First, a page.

Opposition member killed in police custody: 100+ remain illegally imprisoned

Opposition member killed in police custody: 100+ remain illegally imprisoned

EG Justice January 25, 2018

(Washington, DC, January 25, 2018) The government of Equatorial Guinea must promptly and thoroughly investigate the killing of a political activist and the ongoing illegal imprisonment and torture of dozens of other political activists in Malabo, Bata, Akonibe and Evinayong.

Santiago Ebee Ela, member of Ciudadanos por la Innovacion (CI) party, died in police custody on January 14, 2018, in the capital city of Malabo. Photos that have surfaced since his death show clear evidence of torture, despite President Obiang claiming in a video interview that Mr. Ebee Ela’s death was caused by a disease. Meanwhile, more than 100 members of the same opposition party continue to be illegally detained and denied basic due process rights at various prisons in the country, where many of them are subjected to torture, as confirmed by a lawyer who represents Mr. Jesús Mitogo Mitogo, an elected Parliamentarian who was supposed to be the sole opposition voice in Congress.

“The torture and assassination of Santiago Ebee and the ongoing illegal imprisonment of opposition activists highlight the Obiang regime’s predisposition to use wanton violence to squash dissent,” said Tutu Alicante, Executive Director of EG Justice “This violence and impunity cannot be tolerated, particularly stemming from a new member of the UN Security Council. The government must either unconditionally release all these political prisoners or immediately ensure that they have the assistance of legal counsel, and are granted speedy and fail trials.”

President Obiang’s attempts to downplay the brutal crackdown against opposition political activists, suggesting that only about 20 people were imprisoned, or that those detained must have had something to do with the confrontations that took place in Akonibe, only fuel the violence and impunity.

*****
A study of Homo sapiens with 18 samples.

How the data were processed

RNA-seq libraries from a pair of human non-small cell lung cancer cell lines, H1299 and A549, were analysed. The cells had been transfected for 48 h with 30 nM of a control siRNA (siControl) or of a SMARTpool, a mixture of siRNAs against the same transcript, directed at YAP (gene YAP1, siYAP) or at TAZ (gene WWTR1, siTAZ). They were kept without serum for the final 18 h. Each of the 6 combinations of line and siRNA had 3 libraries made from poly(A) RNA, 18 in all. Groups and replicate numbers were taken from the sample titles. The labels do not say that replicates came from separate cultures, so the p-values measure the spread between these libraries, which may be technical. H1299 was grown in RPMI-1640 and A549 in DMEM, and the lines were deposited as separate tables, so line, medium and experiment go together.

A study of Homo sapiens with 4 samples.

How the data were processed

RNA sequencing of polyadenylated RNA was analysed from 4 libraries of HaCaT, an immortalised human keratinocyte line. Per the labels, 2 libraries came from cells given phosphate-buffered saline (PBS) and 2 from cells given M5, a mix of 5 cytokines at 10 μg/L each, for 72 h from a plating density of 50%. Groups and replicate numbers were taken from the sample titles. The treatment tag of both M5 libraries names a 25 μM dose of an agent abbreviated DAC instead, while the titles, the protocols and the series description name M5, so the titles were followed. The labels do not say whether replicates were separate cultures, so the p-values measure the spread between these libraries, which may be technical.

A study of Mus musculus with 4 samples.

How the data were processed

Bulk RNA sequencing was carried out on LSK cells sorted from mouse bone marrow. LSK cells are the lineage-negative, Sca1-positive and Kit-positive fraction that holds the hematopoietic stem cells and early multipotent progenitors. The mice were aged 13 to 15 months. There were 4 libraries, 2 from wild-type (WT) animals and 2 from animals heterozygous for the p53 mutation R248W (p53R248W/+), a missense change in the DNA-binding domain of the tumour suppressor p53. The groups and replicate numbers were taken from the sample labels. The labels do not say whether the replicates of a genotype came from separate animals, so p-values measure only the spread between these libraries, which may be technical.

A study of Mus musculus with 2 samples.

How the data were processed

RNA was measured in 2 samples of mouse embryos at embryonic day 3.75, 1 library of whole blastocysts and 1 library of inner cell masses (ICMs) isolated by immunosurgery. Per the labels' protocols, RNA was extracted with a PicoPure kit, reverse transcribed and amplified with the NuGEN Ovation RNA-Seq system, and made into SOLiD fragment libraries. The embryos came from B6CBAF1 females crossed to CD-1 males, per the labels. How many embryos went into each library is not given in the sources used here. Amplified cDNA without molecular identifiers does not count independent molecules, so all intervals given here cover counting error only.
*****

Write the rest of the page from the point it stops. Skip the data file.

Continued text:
“The government of Equatorial Guinea must take immediate steps to stop all forms of torture in detention facilities and bring to justice those responsible for the beating to death of Mr. Mitogo Mitogo.”

Additional Information:

According to the sources consulted by EG Justice the Attorney General of Equatorial Guinea, David Nguema Obiang Eyenga, filed a suit against Ciudadanos por la Innovacion (CI) in late December 2017, following a violent clash between security forces and CI supporters in the mainland town of Akonib, jut days before the legislative elections. Afterwards, it seemed the opposition party and the government settled the matter, as both parties went back on the campaign train and CI participated in the elections.

However, starting on December 28, 2017 and for nearly two weeks security personnel surrounded CI’s headquarters in Malabo. Eventually, more than 46 opposition members including elected parliamentarian Jesus Mitogo Mitogo Oyono were detained in Malabo, while dozens more were detained in Akonibe and Bata.

Lawyer Fabian Nsue was precluded from meeting with and representing members of the CI party. In fact he was briefly detained in the central prison in Malabo and allowed to eventually return home after being warned against representing CI followers.

have been subject to continuous and systematic torture by police officers. Through family members of the detainees, EG Justice has learned that the prisoners are subjected to brutal torture; and that Mr. Ebee Ela was tortured to death.  Photographic evidence gathered by CI shows clear signs of inhumane and degrading treatment that amounts to torture.

Systematic torture and ill-treatment continue to be a common practice in prisons and detention facilities in Equatorial Guinean. EG Justice has documented numerous cases of detainees who reported being beaten and tortured while in custody, as highlighted in our latest human rights report.

Despite the prohibition of torture by Equatoguinean law, as stipulated in article 5 of the Law to Prevent Ill Treatment and Torture which provides criminal penalties against public officials who use violence to extract confessions, the Equatoguinean judiciary rarely, if ever, prosecutes state agents alleged to have committed torture or other ill treatment.